Gather round, kids, while I tell you the story of How the AE Came To Be. The credit goes entirely to Ms. Karen Suglia, a women who’s seen a lot in our years of friendship, and don’t let her kid you any, she’s been right in there pitching on a lot of it. But I digress. A diverse group of us gathered after work on a Friday night to wish our friend Brian well as he was decamping for brighter horizons. We met at a friend’s house and had a lovely time celebrating him, but after show tunes karaoke wound down, I suggested we all go out for a drink to continue the festivities. I gave everyone directions to my favorite bar at the time, the Home Bar.
Now, this establishment was, in its time, The Quintessential Dive. Long demolished, it was The Spot for many, many years among those with zero pretenses and fewer teeth. You would go here only if you thoroughly enjoyed rubbing elbows with a plain-spoken clientele and imbibing strong drinks made in a straightforward fashion. You did not go here for your appletinis, or your cosomopolitans, or your craft beers. You’d go here for a shot and a Pabst Blue Ribbon, perhaps some boxed wine on Ladies Night. This place was a classic no-frills joint in a rough neighborhood, decorated with carpeted walls, Christmas lights, and a very large framed portrait of the ship on which the proprietor and her husband had taken one of their many cruise voyages.
I don’t remember which door we used coming in. It’s important to note that it was always better to use the back door at the Home Bar. If you went in the front, off Portage Street, you would be walking directly onto the small dance floor and that annoyed the hell out of the regular group of rug-cutters. We took our seats at several wobbly tables and placed our drink orders with the thoroughly unimpressed waitress. I had a passing acquaintance with one of the working girls at the bar, so I said hey to her as we passed by. I never fully knew if they were working girls, but there were many times that men would approach them at the bar, briefly chat, and they would depart together for 20-30 minutes, and return separately. I drew my own conclusions, and didn’t judge.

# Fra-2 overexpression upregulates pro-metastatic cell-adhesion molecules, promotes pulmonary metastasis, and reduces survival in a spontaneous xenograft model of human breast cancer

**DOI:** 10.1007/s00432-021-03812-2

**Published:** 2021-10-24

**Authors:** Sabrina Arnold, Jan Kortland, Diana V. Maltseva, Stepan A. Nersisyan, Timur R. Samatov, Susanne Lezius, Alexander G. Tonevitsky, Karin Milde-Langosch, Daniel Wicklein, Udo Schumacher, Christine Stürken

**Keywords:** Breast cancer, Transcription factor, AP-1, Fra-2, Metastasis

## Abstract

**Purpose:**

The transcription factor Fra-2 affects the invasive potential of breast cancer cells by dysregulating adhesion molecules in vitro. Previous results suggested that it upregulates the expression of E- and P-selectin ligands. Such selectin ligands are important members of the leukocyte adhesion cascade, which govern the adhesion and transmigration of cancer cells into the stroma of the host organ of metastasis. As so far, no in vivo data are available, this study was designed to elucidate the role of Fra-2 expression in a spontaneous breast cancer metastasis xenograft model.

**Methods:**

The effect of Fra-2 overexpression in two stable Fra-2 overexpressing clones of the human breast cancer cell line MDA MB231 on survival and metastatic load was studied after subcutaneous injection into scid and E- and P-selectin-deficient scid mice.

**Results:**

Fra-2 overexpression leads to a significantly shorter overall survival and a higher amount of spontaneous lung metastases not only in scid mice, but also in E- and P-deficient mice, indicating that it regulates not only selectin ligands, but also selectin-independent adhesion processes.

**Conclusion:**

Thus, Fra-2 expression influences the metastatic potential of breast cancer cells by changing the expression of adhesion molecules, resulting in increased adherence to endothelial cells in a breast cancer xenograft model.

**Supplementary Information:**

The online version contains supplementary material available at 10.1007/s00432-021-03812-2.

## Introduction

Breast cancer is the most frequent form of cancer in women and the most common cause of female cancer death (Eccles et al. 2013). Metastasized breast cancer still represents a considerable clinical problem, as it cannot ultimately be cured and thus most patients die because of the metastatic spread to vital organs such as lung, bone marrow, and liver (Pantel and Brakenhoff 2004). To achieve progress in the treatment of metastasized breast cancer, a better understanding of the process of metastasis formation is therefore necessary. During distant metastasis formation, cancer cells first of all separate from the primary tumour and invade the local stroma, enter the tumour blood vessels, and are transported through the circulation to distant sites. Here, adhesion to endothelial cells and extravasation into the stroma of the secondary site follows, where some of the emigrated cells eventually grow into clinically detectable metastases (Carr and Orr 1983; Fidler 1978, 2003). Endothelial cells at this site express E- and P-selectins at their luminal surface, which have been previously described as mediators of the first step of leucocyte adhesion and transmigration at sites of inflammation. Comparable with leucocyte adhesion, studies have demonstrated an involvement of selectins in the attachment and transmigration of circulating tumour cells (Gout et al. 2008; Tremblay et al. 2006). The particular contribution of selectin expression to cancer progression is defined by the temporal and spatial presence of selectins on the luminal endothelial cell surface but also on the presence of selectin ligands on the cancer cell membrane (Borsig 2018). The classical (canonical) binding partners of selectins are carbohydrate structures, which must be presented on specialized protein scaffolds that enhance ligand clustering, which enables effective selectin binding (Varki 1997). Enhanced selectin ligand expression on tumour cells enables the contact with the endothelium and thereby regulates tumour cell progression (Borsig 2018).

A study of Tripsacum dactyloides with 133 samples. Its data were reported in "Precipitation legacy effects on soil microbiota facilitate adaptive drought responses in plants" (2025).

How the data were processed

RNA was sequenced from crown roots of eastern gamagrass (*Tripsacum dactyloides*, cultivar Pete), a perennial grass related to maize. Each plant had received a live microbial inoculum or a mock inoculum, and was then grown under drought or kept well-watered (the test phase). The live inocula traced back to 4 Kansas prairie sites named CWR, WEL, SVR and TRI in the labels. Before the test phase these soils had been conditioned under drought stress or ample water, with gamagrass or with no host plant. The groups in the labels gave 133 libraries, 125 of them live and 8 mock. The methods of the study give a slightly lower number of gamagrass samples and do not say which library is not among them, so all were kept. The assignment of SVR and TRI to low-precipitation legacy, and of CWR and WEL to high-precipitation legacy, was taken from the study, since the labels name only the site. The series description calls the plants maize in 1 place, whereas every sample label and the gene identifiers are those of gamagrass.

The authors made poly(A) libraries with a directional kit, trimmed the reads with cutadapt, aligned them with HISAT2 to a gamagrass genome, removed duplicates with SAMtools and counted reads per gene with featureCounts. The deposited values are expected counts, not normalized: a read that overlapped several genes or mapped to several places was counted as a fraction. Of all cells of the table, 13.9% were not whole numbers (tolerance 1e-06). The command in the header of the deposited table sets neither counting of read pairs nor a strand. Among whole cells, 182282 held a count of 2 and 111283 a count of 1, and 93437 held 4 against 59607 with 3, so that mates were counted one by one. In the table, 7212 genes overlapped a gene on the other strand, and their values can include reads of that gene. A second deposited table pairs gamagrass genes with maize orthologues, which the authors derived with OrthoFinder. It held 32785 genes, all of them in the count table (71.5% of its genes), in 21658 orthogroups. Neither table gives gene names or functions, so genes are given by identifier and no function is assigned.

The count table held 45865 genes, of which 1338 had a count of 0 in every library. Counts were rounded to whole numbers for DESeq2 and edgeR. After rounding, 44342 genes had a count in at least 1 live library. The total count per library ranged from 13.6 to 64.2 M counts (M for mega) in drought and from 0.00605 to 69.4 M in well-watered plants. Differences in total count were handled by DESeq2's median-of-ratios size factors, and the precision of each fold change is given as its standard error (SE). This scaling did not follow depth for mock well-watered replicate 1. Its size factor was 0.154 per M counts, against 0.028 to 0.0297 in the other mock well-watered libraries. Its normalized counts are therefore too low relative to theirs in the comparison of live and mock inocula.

Some of my group was a little jumpy, as the Friday night crowd was not-so-quietly checking out the new arrivals in their midst. Some of our group were openly gaping at them as well. One of these groups was not like the other, one of these groups didn’t belong, to take you all back to Sesame Street. Then the front door slammed open loudly and all talking ceased. Eyes got huge at our table and I turned around to see what was causing the commotion. “Well, if it isn’t Amy Campbell!” said the leather-clad man in the lead. It was my friend Jim, who was at that time a member of a fairly notorious local motorcycle club. I jumped up and ran over to give him a hug, and I heard one of our number say behind me, “That’s about right. Amy brings us to this ratty place and a motorcycle gang comes in and she knows them.” What can I say? I get around.
I brought Jim over to the table to introduce him, and to my surprise that rough group decided to sit down with us and get acquainted. Soon the conversation picked up and from there things went off without a hitch. Several pitchers of beer later Karen looked around and then uttered the phrase that started it all: “Yeah, someone ought to follow her around for a couple weeks with a video camera and make a movie about the stuff she gets into – they could call it the Amy Experience.”
And there you have it. The Amy Experience. Ask for it by name.